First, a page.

BBC Children’s Commissioning in the Spotlight at Annecy


BBC Children’s Kate Morton and Sarah Muller outlined the commissioning and acquisition strategies for audiences 0 to 6 and 7-plus, respectively, during a session today at Mifa.

Morton, BBC Children’s head of commissioning and acquisitions for ages 0 to 6, and Muller, senior head of children’s commissioning for the 7-plus audience, each shared what they are looking for in programming targeting their respective demographics for CBeebies and CBBC.

The presentation highlighted some of the recent successes for BBC Children’s, including 2.2 billion streams for iPlayer, up 15 percent year on year; CBeeebies and CBBC being the leaders in the U.K. linear market; Bitesize notching up 1.5 million users per week; 3.2 million kids per week watching Newsround; and upwards of 1.75 million app downloads.

With regard to the 0 to 6 age group, Morton said: “What makes a CBeebies show is all about the heart. It’s all about the curiosity and the fun. We are entertainment-first, and every show has our preschoolers and their families at its heart. What really matters to us is authentic storytelling. We absolutely live the values of wanting to inspire, educate and entertain with real diversity and inclusion at its core, both on and off screen. The BBC has been at the forefront on this, and we’re very happy that we lead on this, telling fresh and engaging stories that reflect the real lives of our preschool audience.”

On her current wish lists, Morton said: “I’m looking for content for 4 to 6 and also 5 to 6. I’m keen on fast-paced, character-driven comedy—comedy that really observes what life is like for our audience, for our families, with a real sense of place and culture and stories that our audience can relate to and reflect their lives, whoever and wherever they are in the U.K. Yes, we’re keen on international appeal, but I’d like it to have a British twist. It’s very important to us that there’s a real sense of place and sense of relationship to our content. And I’m also interested in animation within live-action shows.”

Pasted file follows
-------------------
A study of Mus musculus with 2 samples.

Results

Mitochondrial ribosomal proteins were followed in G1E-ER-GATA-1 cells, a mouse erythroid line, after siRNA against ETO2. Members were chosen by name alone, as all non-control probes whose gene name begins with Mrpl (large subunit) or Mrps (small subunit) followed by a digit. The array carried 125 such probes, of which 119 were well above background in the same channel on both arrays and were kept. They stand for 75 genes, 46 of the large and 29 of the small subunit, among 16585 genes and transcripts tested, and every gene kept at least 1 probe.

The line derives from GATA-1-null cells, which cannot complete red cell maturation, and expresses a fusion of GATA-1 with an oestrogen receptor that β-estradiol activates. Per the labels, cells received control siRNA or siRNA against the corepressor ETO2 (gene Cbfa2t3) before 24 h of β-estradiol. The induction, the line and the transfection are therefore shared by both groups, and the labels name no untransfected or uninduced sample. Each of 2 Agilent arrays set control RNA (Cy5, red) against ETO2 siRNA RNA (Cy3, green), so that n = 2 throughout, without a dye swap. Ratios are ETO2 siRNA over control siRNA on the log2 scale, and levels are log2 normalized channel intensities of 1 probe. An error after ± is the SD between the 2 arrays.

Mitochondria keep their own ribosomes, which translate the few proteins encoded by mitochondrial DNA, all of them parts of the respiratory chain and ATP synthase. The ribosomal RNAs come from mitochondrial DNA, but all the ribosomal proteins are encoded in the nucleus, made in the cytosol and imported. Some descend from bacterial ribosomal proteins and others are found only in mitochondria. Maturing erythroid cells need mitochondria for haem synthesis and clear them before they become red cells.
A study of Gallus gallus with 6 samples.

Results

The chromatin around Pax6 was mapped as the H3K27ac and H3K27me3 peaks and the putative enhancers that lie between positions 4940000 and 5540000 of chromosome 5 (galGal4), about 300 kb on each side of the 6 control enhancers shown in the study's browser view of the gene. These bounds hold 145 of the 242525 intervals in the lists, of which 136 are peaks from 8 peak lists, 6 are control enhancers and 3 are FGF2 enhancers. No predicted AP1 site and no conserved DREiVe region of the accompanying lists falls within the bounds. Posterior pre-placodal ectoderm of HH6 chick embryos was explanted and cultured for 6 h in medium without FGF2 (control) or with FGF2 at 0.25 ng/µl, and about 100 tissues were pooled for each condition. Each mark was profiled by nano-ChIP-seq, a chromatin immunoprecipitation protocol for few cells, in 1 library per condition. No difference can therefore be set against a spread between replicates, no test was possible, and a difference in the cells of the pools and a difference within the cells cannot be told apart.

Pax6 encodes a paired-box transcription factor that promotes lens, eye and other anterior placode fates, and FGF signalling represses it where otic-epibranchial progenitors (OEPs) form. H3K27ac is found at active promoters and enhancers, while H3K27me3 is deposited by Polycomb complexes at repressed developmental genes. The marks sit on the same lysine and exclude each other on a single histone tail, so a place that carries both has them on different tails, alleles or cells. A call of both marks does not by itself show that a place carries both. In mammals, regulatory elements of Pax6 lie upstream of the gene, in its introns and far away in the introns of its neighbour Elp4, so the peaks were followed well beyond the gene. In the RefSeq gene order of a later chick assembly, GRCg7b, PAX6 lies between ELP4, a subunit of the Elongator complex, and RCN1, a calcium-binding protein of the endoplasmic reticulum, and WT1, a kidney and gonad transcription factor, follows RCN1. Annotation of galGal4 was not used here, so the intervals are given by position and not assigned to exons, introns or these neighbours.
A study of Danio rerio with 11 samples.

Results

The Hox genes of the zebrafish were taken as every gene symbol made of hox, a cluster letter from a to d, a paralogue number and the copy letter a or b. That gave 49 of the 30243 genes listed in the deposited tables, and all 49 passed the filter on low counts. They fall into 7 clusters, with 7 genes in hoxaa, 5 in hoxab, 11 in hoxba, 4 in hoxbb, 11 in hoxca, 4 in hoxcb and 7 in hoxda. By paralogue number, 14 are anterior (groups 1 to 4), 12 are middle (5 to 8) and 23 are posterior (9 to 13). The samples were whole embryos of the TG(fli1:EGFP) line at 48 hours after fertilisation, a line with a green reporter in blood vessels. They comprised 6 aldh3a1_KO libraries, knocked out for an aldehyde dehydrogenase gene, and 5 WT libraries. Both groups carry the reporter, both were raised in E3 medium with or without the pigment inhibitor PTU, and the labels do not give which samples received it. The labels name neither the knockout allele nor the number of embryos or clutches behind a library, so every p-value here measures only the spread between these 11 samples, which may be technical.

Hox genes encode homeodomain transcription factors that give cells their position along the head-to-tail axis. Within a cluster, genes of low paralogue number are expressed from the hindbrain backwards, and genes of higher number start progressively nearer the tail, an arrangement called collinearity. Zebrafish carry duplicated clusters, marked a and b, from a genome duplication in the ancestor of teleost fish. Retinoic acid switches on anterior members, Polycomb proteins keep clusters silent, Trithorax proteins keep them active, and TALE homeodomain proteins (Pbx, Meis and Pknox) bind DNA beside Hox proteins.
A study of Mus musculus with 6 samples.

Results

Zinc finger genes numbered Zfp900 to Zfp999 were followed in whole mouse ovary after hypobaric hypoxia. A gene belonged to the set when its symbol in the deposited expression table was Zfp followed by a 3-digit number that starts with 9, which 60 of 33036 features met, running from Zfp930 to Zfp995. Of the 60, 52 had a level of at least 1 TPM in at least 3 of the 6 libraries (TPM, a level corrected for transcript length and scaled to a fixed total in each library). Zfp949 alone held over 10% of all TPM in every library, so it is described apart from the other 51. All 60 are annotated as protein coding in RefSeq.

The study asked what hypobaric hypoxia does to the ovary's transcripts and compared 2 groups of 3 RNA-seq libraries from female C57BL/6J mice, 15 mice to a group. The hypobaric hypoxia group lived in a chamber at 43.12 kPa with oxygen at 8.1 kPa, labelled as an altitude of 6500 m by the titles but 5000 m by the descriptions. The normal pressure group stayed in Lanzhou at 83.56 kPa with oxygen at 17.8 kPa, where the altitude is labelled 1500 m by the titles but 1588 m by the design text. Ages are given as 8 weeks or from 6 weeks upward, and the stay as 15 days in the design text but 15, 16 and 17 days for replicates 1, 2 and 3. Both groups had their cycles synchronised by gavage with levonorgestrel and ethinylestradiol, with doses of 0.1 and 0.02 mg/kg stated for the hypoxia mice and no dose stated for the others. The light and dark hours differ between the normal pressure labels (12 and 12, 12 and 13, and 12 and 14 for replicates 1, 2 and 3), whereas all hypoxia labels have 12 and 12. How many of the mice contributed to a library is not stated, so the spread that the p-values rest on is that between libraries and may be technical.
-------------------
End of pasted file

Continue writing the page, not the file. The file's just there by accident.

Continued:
Muller then spoke about the essence of a CBBC show. “We all know that the 7-plus audience is notoriously difficult to nail down in a world where there’s so much choice. So, for us and for animation, that means cool, funny, full of attitude and a strong, relatable worldview because we’re seeing more and more that the things that really resonate with children grow into the brands that they want to share within their lives. We want inspiring stories and strong characters. We’d like things to be unique and exciting. It goes without saying I’m looking for that British twist on the storytelling. For audiences with [so much] choice, we’re also increasingly looking for a way in for our audience so that they’ll be able to find it more easily than just stumbling across it, so we’re looking for successful books or characters or tie-ins to well-known people who are in the real world. Right from the beginning, we’re thinking about exactly how we’re going to build the brand once we’ve got it.”

As for what she’s looking for to satisfy this remit for the 7-plus demo, Muller explained: “We know that fast-paced comedy for 6 -to 9-year-olds that makes them laugh is very much what kids want. We are still dealing with a slightly traumatized post-Covid world where children just want to relax and laugh and feel better about things—so this is even more important to us than it was. Also, a British twist, but because for some of these bigger shows, we’re going to need partners, we’ll be looking for international appeal as well. We want premises that offer rich stories, and it could be comedy or jeopardy or a combination of all. We want things that serve the 10 to 12 audience, which we’re not quite landing on yet—it’s things like comic books and anime. A story arc with complex character journeys is something we’ve been looking for for quite a while. Kids are very much willing to invest in more detailed storytelling. We see that. That could be a point of difference for us at the BBC, where we work across multiple platforms and reach audiences in different ways.”